You’ve just built a £200m ship for scientific research in the Antarctic. Everything is finally ready to go – except the name. You decide to let the public choose, and results look promising: names like ‘RSS Endeavour’ and ‘RSS Attenborough’ are proving popular.
But then you see ‘RSS Boaty McBoatface’ climbing up the results. Surely not, you think. And yet, with 124, 109 votes, it wins. The British public and their warped sense of humour have let you, your £200m ship, the Antarctic, and David Attenborough down.
Unfortunately, this was the very real situation Duncan Wingham at the Natural Environment Research Council found himself in this month. While the story made great headlines and drummed up a bit of free publicity, it also spoke volumes about whether to hand over control in business and let employees make decisions.
The ultimate dilemma: should you let employees make decisions?
Letting employees make big decisions can either be liberating or unexpectedly devastating, as Boaty McBoatface proves. Done right, it’s a great way to build a trusting collaborative team. Done without a little forethought, it’s a great way to end up with undesirable, damaging outcomes.
This post takes a look at the risks and benefits of involving your colleagues in big decisions, and how to strike a healthy balance between collaboration and control.
Consider the risks
There are lots of reasons to nurture an environment where employees contribute to improving the business. Staff feel a part of the company’s success, which motivates and inspires them to do what they do better. It’s a delicate balance to strike though, so it’s worth asking yourself some questions before you hand over the reigns.
- How much do you trust your colleagues?
Your company has grown, and you’re looking to re-organise your staff to create levels of authority. If you let your employees decide who deserves a promotion you may see people position themselves higher than they are qualified for simply for personal gain. It’s important to ask yourself if you trust your colleagues to make a decision that is best for the business, not themselves. If you don’t trust your colleagues to make the right decision, ask yourself why – could you do more to engage employees, or shake up your hiring practices?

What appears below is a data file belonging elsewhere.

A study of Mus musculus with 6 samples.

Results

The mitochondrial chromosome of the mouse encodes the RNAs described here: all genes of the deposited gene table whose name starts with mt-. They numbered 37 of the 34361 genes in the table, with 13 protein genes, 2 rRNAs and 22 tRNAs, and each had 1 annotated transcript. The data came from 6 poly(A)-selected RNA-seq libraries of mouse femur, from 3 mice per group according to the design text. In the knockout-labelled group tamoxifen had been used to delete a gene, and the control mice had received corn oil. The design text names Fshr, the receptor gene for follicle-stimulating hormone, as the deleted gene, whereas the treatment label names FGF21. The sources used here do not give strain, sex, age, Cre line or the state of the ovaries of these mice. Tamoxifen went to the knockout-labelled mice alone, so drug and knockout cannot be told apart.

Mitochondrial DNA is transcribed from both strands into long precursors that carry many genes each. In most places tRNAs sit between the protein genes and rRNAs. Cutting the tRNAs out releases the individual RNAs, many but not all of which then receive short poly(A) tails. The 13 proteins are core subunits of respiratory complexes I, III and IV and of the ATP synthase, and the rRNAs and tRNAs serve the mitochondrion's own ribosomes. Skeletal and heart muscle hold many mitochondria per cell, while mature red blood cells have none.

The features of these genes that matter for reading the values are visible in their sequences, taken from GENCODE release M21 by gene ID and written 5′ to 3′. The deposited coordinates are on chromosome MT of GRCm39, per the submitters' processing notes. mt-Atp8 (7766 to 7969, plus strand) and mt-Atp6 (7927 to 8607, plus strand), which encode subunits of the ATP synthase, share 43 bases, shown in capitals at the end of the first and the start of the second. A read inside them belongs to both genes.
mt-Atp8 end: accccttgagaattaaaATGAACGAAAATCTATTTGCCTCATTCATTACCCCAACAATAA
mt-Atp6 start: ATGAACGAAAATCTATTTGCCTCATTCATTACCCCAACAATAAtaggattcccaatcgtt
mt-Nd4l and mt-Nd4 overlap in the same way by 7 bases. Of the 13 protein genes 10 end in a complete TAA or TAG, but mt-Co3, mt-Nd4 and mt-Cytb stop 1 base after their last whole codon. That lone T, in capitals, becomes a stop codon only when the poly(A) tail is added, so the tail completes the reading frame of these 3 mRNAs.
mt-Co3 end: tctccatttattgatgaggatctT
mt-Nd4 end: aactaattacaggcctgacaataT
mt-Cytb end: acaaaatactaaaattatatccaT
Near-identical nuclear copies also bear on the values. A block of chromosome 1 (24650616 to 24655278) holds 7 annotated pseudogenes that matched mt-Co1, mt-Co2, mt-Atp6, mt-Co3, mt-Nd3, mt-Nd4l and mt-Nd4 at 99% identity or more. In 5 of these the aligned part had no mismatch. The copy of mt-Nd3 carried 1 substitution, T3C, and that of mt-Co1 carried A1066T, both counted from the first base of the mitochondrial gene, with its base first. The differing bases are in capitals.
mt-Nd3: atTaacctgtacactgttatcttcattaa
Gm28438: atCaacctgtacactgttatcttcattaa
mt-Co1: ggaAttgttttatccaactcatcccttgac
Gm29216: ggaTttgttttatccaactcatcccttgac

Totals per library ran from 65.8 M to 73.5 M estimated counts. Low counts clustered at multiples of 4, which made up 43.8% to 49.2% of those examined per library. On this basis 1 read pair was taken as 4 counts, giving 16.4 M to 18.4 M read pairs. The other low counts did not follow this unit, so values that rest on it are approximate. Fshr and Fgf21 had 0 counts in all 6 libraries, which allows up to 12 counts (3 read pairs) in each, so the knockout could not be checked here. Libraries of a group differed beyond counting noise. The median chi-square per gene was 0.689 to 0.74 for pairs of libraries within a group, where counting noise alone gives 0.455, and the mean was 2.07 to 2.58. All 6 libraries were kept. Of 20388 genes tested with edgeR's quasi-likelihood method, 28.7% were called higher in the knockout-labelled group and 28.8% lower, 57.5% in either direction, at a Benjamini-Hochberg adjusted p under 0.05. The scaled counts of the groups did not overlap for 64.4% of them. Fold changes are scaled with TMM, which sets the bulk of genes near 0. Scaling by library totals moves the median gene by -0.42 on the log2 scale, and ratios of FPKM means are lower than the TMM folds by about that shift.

- Why are you handing over the control?
You also have to think about whether you’ve put employees in control for the right reasons. If you want colleagues to contribute to the big decisions, then you have to start with a solid relationship. Allowing sudden freedom to staff who aren’t used to or expecting it isn’t a quick fix for building a collaborative culture, or a way to hand off the nasty decisions you don’t want to make. In fact, it’s more likely to land you in a Boaty McBoatface situation; if employees don’t trust you or don’t trust you’ll follow-up on their decision, they may sabotage or undermine the opportunity. Take time to build trust and team spirit first. If you give staff the chance to make a difference, you’ll increase the likelihood that they’ll approach it with the right attitude.
Strike a balance
Being hesitant to throw delicate management decisions to the masses doesn’t mean that you can’t have a collaborative business. We’ve already mentioned how asking for staff contribution can help boost loyalty and sense of worth, but that’s not the only benefit.
Gathering feedback and suggestions from your workforce can reveal their true potential. A staff member who pipes up with some great ideas for the next Christmas party might be a great addition to HR meetings. A colleague who is always sharing articles about the latest social media sites could give your marketing a shake-up.
Open up discussions that allow everyone to share ideas, and your team is likely to start collaborating across departments and producing amazing results.
I will go down with this ship
At the end of the day, as the Natural Environment Research Council discovered, you have to commit to handing over control. It is yet to finalise the name, but will have to decide whether to overrule public opinion, or succumb to it.
In business though, if you don’t like the result you get and go with your own instinct, not only have you wasted time, but you’ve lost your employee’s trust and respect too.
The people voting for Boaty McBoatface had nothing to lose. Having a little fun by letting employees make decisions on smaller issues is a great way to continue developing a collaborative relationship with your staff. Our sister company Articulate recently named a sprint ‘Operation Invigorate 3000’ by majority vote. Harmless fun, but perhaps a warning not to let the staff re-name the company any time soon.